Aristotle had it right when he wrote, “The more you know, the more you know you don't know.”
We’ve come across this idea repeatedly over the years in covering state and local governments. Those that are doing the best jobs – whether in HR, budgeting, procurement, infrastructure or any other field of public sector endeavor -- tend to be the ones who are most eager to do better. That’s because, in large part, they know how much can be accomplished in the future.
Places that fall into the category we’ve long labeled as laggards, frequently believe that they’ve already accomplished what they need to, and don’t understand that there’s more that can be done.
We first became aware of this phenomenon in the early 1990s when we were working on the predecessor of the Pew Charitable Trusts’ Government Performance Project, for a now defunct and pretty much forgotten magazine called Financial World. We were evaluating and grading a few dozen cities’ management capacity in a variety of areas including one that we then called “Managing for Results,” (which we now think of, more broadly, as performance management).
We did something like 150 interviews to do our evaluations in this category to supplement a survey instrument, we had designed for them to fill out. (Some of the relationships we formed then are still active, though most of our sources back then have since retired or left this earthly plane.)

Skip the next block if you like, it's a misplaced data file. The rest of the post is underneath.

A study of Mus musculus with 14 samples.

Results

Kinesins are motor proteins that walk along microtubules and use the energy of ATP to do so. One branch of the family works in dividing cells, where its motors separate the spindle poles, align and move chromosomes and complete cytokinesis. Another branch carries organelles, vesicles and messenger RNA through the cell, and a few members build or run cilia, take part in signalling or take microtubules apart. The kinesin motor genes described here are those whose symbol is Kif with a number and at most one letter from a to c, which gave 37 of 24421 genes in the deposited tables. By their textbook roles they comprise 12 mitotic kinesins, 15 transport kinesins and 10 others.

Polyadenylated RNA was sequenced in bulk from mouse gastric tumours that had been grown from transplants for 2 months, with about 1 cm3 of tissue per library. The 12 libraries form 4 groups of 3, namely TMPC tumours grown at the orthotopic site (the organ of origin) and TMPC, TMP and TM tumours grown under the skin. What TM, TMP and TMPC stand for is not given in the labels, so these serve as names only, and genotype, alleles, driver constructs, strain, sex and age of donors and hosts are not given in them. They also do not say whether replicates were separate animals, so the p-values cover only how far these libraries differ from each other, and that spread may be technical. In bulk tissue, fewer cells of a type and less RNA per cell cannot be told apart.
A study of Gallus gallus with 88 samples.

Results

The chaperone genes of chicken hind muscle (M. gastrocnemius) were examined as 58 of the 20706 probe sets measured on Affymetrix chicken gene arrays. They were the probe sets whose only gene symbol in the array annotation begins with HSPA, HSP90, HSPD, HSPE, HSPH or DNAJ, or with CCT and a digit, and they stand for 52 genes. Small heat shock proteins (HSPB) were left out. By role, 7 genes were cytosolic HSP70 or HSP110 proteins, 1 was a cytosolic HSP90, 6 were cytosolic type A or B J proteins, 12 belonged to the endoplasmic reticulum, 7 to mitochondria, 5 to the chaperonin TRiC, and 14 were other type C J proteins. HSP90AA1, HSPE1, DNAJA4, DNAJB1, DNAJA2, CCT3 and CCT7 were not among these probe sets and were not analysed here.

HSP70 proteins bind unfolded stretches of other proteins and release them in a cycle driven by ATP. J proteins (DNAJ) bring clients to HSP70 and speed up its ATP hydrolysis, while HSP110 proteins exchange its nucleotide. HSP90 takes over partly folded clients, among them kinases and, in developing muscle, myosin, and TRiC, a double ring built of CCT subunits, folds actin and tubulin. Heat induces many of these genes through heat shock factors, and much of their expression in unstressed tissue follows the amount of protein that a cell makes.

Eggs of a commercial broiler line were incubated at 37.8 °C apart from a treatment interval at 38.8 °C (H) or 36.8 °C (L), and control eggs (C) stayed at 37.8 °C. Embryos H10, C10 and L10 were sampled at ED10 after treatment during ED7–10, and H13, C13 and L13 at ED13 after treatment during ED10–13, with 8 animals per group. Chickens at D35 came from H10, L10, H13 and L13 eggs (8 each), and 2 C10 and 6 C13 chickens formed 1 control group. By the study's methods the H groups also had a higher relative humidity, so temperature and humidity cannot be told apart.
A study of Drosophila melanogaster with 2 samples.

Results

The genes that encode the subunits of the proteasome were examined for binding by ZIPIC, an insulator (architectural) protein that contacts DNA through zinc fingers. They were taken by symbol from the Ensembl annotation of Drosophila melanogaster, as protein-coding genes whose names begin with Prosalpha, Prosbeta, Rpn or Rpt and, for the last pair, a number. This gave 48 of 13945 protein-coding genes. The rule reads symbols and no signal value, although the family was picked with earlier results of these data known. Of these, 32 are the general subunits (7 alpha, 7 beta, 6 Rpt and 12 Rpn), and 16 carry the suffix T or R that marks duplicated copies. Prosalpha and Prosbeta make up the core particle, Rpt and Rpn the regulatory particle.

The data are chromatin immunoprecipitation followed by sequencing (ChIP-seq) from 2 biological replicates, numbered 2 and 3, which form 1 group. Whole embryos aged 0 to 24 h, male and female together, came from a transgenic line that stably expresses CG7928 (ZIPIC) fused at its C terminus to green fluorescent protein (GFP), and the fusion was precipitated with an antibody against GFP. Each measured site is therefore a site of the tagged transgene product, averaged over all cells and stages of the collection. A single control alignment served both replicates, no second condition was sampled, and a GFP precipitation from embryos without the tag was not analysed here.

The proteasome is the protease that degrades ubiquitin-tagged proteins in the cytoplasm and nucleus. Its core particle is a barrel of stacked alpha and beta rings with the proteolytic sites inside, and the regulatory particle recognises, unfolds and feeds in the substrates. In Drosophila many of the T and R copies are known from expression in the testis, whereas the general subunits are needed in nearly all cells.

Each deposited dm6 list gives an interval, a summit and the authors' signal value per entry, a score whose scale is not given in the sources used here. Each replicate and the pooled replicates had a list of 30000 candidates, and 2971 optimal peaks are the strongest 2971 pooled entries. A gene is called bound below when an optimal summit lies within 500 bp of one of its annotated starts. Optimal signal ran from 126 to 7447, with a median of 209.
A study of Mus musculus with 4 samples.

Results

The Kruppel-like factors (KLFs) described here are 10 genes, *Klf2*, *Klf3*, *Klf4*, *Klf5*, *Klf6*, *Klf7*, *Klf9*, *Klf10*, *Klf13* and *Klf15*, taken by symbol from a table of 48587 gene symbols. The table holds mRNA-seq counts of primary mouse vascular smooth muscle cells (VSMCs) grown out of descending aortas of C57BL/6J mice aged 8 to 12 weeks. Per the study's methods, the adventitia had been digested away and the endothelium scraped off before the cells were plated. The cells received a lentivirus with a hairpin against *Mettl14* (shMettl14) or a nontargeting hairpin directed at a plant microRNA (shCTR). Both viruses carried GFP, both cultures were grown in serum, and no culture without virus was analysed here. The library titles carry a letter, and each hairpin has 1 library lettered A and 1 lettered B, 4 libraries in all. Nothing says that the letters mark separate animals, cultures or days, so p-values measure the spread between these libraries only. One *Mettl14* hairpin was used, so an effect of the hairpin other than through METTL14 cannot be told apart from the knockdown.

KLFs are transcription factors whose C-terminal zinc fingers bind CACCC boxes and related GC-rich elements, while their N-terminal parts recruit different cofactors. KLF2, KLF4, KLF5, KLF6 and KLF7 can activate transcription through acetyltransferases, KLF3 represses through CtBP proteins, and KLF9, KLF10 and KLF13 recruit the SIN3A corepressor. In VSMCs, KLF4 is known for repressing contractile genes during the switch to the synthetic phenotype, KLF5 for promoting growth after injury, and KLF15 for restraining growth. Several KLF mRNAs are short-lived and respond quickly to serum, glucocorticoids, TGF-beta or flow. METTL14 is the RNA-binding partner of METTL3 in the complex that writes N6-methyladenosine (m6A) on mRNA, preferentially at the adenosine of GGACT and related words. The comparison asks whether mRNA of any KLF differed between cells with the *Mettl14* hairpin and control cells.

At some point in these conversations, we would ask the people with whom we were speaking to self-evaluate their entity. One of the first cities, in which we talked to management leaders, was Seattle. When we asked them to self-evaluate, they told us how much work still had to be done there. We assumed, based on their self-flagellation, that they’d probably come out with a grade of C.
Then we talked to more cities, and as time went on it became increasingly clear to us that Seattle was doing a better job than most. What’s more, we began to see that many of the places that gave themselves glowing self-evaluations were doing everything they thought should be done – but that turned out to be very little at all. We won’t name names.
This phenomenon – which we dubbed “The Seattle Syndrome” – has repeated itself over the following decades and up until this day. We ran into one example several years ago when we were chatting with people in Washington State’s King County – the twelfth largest county in the country – for a column in Route Fifty about the utility of data in efforts to improve equity, diversity and inclusion in states and localities.
We’ve often covered these issues and knew that King County was a national leader in these efforts. In fact. the place actually decided in 2005 to change the meaning of the word “King” in its name from a remembrance of a slaveholder (Rufus King) to one that stands for Martin Luther King, Jr.
Though we were talking to people in King County to get ideas that other communities could emulate – and we accomplished that -- we were also told that program managers there saw their efforts as a work in progress, saw problems, and had great plans to improve the county’s efforts to measure and evaluate performance across the enterprise. The fact that leaders in King County recognized ample room for improvement – even though they were already doing a great job – was a mindset we deeply admire.